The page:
How a book launch spread word of a Microsoft Resurgence
Context: The challenge of perception
Being one of the most identifiable companies in the world is a tremendous achievement. But with recognition comes established perceptions – which serve as either a positive force or a detrimental influence.
Perception is everything. For decades, Microsoft distinguished itself as an engine of innovation, but over time, the sentiment began to shift. Some customers, partners and investors suspected Microsoft was slipping, weighed down by bureaucracy and politicking.
2014 marked a period of transition for the company, as Satya Nadella became the third-ever CEO. Times of change bring opportunity, and Microsoft reached for the chance to shift the narrative.
Insight: The Need for Broad Awareness
Nadella’s leadership style and focus on cultural transformation reinvigorated the tech giant, and the company wanted more people to know about the strides made in morale and the overall health of the organization. Internal research confirmed that Microsoft was being covered and discussed disproportionately by tech press and in tech-driven social conversations. Nearly half (41%) of all Microsoft coverage was by tech influencers, and only 24% of coverage was by press outside the U.S.
Nadella’s values of inclusion and empathy catalyzed the revival of the company. So how could Microsoft amplify this new narrative and refocused direction?
Inspiration: A Refresh
Three years into his tenure as CEO, Satya Nadella published the book Hit Refresh: The Quest to Rediscover Microsoft’s Soul and Imagine a Better Future for Everyone. With a renewed sense of purpose, Microsoft worked with their partners at WE to deploy a strategic approach to communications and evangelize the company’s surge on a global scale.
Action: Reintroduce Microsoft to the world
Introductions are one thing, a reintroduction is another. When everyone already thinks they know what you are, they craft an image of who you are.
In order to take on perceptions of Microsoft as a company in decline, a champion was needed. A champion of positivity – a face of change. New CEO Nadella is just that. Hit Refresh and its story of character-led company rebirth needed to be heard worldwide. “Satya believes that people and organizations must transform to regain energy, foster new ideas and achieve long term relevance” said Doug Dawson, general manager of communications at Microsoft. “This was integral to our goal to restore broad public confidence in the company.”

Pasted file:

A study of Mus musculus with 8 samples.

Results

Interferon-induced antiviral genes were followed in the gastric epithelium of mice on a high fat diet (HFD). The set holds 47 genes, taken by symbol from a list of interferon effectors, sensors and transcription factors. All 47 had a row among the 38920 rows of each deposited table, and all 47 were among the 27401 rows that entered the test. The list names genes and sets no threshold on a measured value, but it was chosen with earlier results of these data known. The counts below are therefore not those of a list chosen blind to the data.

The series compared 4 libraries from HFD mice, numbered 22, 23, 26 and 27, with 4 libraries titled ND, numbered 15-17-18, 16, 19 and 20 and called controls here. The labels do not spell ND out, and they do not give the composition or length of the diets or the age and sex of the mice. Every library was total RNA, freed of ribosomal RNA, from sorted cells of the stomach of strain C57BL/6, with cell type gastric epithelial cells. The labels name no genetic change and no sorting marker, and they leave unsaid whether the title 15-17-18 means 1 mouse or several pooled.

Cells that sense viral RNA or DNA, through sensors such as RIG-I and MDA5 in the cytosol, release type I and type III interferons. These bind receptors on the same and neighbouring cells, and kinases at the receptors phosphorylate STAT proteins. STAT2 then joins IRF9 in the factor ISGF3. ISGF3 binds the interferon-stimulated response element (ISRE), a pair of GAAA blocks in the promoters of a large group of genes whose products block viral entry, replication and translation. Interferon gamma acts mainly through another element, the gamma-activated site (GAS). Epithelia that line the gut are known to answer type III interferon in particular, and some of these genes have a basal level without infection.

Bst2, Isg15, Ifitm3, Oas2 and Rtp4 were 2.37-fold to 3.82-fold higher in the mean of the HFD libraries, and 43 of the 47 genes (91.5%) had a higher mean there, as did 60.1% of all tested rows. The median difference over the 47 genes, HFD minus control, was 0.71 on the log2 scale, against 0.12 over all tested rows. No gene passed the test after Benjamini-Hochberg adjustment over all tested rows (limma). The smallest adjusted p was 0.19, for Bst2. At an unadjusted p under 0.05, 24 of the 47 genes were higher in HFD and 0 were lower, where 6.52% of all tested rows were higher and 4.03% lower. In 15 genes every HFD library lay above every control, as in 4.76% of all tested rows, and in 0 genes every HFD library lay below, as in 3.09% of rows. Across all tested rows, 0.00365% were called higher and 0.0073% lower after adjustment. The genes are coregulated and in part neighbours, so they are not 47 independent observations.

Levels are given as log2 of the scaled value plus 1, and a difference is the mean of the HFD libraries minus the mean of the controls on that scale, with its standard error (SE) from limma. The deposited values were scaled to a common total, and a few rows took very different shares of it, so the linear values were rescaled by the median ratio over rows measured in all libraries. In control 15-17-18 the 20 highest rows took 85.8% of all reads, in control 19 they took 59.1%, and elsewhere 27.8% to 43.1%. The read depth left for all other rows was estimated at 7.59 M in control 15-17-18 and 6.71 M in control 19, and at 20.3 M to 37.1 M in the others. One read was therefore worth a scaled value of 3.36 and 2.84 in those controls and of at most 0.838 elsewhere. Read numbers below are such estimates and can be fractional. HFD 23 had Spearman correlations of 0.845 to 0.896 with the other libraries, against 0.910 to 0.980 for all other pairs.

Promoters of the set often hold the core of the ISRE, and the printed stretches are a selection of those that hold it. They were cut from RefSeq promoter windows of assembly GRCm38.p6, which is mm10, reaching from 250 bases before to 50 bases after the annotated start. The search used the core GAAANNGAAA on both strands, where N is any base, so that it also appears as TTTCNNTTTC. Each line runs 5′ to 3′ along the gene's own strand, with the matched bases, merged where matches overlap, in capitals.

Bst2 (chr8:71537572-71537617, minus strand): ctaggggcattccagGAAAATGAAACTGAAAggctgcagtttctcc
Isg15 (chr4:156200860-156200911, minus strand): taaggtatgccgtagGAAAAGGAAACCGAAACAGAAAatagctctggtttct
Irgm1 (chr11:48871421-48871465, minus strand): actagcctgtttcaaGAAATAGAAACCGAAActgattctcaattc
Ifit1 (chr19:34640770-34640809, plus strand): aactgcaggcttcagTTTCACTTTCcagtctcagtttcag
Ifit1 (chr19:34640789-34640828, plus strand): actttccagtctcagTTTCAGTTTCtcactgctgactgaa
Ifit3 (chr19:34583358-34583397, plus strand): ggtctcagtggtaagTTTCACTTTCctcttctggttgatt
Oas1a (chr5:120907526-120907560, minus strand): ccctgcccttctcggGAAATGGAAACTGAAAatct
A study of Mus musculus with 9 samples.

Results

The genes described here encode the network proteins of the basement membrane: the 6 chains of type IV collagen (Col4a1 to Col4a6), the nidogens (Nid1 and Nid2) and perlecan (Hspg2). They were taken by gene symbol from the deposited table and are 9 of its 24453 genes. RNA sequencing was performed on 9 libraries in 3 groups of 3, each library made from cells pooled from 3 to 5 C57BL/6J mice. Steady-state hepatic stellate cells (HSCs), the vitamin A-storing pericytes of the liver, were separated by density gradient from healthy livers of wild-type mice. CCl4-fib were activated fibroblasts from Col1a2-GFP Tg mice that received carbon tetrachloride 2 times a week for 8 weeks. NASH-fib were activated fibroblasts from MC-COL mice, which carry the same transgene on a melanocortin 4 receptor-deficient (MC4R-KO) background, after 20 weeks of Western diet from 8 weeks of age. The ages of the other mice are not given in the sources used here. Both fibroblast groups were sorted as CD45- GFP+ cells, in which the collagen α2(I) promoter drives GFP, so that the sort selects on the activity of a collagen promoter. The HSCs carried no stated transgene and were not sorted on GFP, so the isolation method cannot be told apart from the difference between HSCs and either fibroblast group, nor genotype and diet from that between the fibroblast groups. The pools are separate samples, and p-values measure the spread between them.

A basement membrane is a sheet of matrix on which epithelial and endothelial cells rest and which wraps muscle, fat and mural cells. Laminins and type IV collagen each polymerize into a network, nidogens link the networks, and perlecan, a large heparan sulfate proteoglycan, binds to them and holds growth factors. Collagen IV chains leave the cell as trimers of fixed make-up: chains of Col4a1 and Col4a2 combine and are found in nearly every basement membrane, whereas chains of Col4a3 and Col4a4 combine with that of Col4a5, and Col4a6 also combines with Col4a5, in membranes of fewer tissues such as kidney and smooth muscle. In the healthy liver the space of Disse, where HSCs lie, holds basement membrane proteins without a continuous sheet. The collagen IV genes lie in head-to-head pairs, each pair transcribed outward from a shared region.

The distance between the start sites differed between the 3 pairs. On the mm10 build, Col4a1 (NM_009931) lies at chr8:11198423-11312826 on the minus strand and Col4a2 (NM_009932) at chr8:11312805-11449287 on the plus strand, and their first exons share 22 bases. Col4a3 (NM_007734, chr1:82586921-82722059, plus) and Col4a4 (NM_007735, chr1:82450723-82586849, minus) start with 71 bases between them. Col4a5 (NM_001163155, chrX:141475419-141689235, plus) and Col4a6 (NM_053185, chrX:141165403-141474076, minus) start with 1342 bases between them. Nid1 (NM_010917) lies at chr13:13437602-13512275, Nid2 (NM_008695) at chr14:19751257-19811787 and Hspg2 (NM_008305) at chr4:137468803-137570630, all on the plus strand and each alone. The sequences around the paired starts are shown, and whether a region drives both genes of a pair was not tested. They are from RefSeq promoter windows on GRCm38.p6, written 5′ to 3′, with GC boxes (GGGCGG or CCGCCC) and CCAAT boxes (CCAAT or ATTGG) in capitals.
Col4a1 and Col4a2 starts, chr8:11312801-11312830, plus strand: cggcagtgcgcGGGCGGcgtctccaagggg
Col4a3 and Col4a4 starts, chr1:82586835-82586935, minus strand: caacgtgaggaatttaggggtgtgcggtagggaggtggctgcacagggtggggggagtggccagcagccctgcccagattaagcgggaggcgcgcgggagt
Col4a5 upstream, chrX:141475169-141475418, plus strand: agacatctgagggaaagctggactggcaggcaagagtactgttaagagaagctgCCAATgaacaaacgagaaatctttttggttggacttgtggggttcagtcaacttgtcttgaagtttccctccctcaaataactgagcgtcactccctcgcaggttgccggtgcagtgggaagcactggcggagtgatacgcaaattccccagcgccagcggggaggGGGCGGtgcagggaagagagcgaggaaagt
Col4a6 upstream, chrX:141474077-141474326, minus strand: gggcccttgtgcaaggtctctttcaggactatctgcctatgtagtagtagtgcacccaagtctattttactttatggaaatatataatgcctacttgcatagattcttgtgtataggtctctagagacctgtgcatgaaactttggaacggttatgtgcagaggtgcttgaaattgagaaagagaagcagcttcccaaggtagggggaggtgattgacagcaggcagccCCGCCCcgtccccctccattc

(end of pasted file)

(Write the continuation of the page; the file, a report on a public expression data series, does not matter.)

WE narrowed in on our objectives to reach this goal: alter the outlet and channel mix to go beyond tech circles and reach new audiences; include diverse, unexpected voices to drive awareness around the “new Microsoft;” and spark meaningful conversations focused around empathy.
We met audiences where they already gathered with an integrated mix of social, print, broadcast and direct-to-audience appearances. Nadella was profiled across media including Fast Company, Wired UK, Times of London, CBS This Morning, BBC Newsnight, ESPN, The Daily Show, Times Talk, Hearst Master Class, Harvard Business Review, Freakonomics, HBR IdeaCast and more.
To propel interest outside of the tech sphere, influential voices shared their #HitRefresh stories on their own channels with their own audiences.
Most importantly, we framed Nadella’s focus on empathy as the driver for Microsoft’s turnaround. The storyline for major media? The notion of daring to care – rejecting the norms of corporate bullying, apathy and skepticism. The packaging of company and cultural success resonated universally, garnering cover-weight stories in mainstream media.
Impact: Awareness on a global scale
A successful book launch for Hit Refresh would help Microsoft connect and re-engage with audiences beyond the tech space. The aim was to replace outdated notions with brand affinity and recognition for strong cultural value in big business. These goals hinged on global awareness and consumption of the book.
Less than a month after launch, Hit Refresh became a New York Times Bestseller. Awareness was massive, with 20,000 posts across social channels, 419 print and online stories, and radio and television airings reaching audiences of 31 million and 11 million, respectively. Positive perception of Microsoft in coverage increased by 40 percent, and in September alone, searches for Satya Nadella were double the annual average. Impressions surged to 124 million worldwide. “Empathy” was mentioned in 43 percent of media coverage for the book.
“Our research shows that consumers are increasingly expecting brands to deliver a balance of great products and services, plus long-term social value,” said Dawn Beauparlant, chief client officer at WE Communications. “Championing empathy in an industry where it can be often overlooked, while helping rejuvenate one of the world’s most important brands, was a success we are proud to have been a part of.”